Last week, Defense Secretary Leon Panetta lifted the ban preventing female soldiers from officially serving in combat -- a decision that raised the urgency on efforts to address the festering crisis of sexual assault within the U.S. military. That crisis -- which claimed more than 50 victims of sexual assault a day in the latest year of Defense Department data -- is the subject of the Oscar-nominated 2012 documentary Invisible War. In this series, The Huffington Post invites victims and advocates to speak out about sexual assault in the military.
Last week, as he sat beside Secretary of Defense Leon Panetta and announced the end of a decades-long ban barring women from serving in combat roles in the U.S. Armed Forces, Chairman of the Joint Chiefs Gen. Martin Dempsey -- the nation's top military officer -- acknowledged that the ban created two classes of service members: the all-male "warriors" and a service class, to which all female members of the military were delegated. "The more we can treat people equally, the more likely they are to treat each other equally," said Gen. Dempsey, in explaining his support for the policy shift.
This is an important acknowledgement for a number of reasons. Rape runs rampant in the military not because there are large groups of hot-blooded American men running around with physical urges that women must be protected from. Rape is not about sex -- it's about power. What happened at Lackland Air Force Base wasn't a sex scandal or some unfortunate behavior -- it was a crime spree.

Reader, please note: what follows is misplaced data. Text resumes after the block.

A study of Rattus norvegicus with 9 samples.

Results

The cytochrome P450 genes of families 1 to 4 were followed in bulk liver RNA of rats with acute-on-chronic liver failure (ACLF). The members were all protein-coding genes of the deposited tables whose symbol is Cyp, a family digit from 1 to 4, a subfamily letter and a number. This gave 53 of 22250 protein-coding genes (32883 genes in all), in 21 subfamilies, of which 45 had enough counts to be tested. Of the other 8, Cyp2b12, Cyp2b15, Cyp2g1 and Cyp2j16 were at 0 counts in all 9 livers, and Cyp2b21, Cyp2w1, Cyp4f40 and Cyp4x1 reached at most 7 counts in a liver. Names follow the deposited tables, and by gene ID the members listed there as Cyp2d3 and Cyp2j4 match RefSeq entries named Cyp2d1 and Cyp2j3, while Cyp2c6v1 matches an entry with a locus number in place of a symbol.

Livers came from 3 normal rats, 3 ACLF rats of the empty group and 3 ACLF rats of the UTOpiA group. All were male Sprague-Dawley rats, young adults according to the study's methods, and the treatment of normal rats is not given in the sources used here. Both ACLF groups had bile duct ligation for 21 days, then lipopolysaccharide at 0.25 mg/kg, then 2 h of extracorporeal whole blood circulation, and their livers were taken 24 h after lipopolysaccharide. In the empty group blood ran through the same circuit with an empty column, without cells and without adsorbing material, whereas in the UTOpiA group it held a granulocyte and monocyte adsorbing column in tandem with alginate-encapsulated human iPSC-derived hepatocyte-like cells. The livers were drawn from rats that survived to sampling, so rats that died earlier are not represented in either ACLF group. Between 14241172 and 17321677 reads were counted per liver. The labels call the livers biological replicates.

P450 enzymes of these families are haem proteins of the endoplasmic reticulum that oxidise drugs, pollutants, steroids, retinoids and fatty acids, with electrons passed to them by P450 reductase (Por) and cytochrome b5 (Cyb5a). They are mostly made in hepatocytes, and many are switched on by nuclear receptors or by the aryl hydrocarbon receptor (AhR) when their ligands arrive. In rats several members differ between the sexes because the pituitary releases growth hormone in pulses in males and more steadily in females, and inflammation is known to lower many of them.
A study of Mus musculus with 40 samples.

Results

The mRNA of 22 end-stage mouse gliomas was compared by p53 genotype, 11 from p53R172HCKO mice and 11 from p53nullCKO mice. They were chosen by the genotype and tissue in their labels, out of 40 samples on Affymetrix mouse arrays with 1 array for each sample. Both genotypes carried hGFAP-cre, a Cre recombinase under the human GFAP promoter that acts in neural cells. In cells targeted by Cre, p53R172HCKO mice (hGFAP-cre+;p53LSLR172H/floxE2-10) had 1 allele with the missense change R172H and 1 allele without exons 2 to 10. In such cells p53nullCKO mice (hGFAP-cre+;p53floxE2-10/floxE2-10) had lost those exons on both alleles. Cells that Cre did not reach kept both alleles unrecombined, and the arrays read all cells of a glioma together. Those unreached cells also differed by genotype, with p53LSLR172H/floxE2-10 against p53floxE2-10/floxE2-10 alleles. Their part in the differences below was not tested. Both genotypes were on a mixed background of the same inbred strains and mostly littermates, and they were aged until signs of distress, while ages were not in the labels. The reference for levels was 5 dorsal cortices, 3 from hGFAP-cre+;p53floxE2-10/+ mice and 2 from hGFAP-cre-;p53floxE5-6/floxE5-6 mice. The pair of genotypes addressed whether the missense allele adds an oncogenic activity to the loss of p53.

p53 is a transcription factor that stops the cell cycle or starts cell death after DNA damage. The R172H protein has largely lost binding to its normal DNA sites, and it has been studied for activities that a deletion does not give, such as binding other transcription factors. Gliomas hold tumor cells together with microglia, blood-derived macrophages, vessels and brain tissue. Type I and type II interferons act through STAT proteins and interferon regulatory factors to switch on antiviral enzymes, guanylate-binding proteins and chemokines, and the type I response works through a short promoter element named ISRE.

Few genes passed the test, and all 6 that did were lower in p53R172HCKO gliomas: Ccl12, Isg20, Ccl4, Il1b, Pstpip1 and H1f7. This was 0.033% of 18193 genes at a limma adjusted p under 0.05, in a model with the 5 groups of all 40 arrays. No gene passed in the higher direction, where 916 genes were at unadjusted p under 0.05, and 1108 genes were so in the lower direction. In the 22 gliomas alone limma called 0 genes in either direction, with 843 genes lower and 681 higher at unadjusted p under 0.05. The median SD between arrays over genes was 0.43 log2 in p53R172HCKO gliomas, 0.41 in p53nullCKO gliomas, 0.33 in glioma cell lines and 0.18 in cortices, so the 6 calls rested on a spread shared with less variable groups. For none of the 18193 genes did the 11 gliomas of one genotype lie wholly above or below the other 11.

Actions speak louder than words. By institutionalizing the thinking that women are incapable of combat service, the Armed Forces implicitly stated that women were inferior to men serving in the ranks, creating a culture in which rape and sexual harassment are somehow acceptable byproducts of service -- "occupational hazards," according to The Invisible War. By engraining such terms into the minds of service members -- and the wider public -- we've been setting ourselves up to fail in the fight against military rape.
Some have pointed to "the rape issue" as a reason to maintain the ban on female combat service. But ending rape in the military and integrating women into combat roles are far from mutually exclusive -- in fact, equalizing female service members will help create a culture of greater respect that could seriously lower the incidence of rape in the military. Lifting the combat exclusion for women sends a clear message: women are capable of fighting for their country, and service is not gender-specific.
Despite the ban on female combat service, many women are already serving in combat roles. But because of the antiquated Pentagon policy, they've been barred from career advancement or recognition for their service. Two such women -- Rep. Tulsi Gabbard (D-HI) and Rep. Tammy Duckworth (D-IL) -- are currently serving in the United States Congress. And as Rep. Duckworth pointed out in a recent interview, she didn't lose both of her legs in a bar fight.
Combat service is integral to ascending to positions of leadership and authority in the military, and because their combat service wasn't recognized, women have had to move up in the ranks through much slower and much less accessible tracks. Lifting the combat exclusion sets the stage for the hundreds and thousands of service members in the U.S. Armed Forces -- including the 20 percent of new recruits who are female -- to see strong, female leaders in the military, serving in positions of authority and worthy of great respect.
Lifting the combat exclusion isn't going to solve the issue of rape in the military by itself. Considering that approximately 11,000 of the estimated 19,000 military sexual assaults target men, this issue doesn't end with improving equality for women. Commanding officers and military leaders must remain dedicated and vigilant. But this is an important and visible step forward towards equality and respect for all service members.